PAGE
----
Gov. Sam Brownback is making a major push to improve the state’s mental health system. The governor's plan creates a behavioral health sub-cabinet within state government, targets substance abuse for its role in exacerbating mental illness, and increases financial investment in current treatment programs, among other things.
A Kansas legislative oversight committee is holding a daylong hearing to review the state’s KanCare system that provides Medicaid to poor, elderly and disabled Kansans.
The committee meeting this morning includes a discussion of the state’s waiting lists for people seeking home and community-based services, as well as recent estimates for demand for those services over the next 18 months.
Kansas privatized the program in 2013 to reduce the growth of health care costs, which are shared by state and federal sources.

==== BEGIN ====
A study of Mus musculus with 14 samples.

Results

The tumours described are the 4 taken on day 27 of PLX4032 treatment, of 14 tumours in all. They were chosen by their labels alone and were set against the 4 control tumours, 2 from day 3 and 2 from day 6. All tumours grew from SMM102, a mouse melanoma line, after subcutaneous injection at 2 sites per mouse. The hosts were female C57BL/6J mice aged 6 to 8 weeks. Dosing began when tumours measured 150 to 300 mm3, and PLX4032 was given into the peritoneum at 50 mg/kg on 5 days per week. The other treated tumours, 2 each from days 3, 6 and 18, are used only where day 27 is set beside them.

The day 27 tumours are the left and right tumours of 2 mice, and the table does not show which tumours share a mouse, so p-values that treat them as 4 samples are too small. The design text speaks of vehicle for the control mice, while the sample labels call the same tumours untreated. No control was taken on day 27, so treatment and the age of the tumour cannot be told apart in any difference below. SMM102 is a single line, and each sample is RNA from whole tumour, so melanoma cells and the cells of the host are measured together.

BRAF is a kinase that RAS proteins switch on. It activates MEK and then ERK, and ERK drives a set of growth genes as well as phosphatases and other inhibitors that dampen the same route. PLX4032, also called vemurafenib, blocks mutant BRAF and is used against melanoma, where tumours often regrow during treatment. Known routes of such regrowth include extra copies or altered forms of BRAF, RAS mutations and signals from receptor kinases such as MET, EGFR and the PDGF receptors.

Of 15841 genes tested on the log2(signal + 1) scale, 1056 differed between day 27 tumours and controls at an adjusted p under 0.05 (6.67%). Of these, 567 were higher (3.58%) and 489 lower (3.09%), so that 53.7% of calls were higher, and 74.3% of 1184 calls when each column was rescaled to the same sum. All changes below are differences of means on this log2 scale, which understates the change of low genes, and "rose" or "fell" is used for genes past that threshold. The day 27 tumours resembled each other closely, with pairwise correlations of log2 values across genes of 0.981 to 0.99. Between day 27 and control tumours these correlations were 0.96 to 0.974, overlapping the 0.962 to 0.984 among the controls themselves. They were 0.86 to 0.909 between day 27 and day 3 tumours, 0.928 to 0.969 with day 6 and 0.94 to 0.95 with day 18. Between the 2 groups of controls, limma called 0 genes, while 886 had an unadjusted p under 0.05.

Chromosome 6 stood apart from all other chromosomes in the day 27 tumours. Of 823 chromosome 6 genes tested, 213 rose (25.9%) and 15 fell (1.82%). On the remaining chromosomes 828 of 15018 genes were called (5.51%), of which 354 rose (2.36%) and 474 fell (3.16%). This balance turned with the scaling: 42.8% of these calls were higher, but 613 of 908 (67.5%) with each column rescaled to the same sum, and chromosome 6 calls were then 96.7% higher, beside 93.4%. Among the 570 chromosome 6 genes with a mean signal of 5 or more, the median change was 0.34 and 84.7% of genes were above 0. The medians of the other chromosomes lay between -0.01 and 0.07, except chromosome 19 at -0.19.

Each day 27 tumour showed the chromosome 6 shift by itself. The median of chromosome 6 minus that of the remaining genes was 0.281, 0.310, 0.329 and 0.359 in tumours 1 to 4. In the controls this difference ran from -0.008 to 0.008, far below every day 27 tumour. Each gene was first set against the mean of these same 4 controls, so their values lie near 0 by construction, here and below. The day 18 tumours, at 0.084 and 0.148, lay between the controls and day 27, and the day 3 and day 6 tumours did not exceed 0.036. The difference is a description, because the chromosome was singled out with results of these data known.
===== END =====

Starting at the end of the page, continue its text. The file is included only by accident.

The National Council on Disability says federal officials should delay Kansas’ plan to move services for the developmentally disabled into its Medicaid managed care program. As Jim McLean of the KHI News Service reports, the council’s recommendation is the latest development in a long running battle over including disabled Kansans in KanCare.
KanCare beneficiaries can expect to receive an important mailing in the next few days.
The Affordable Care Act makes some changes that will require them to provide additional information about their households. The mailing is going out to 130,000 households that include children and pregnant women who are KanCare, formerly known as Medicaid, beneficiaries.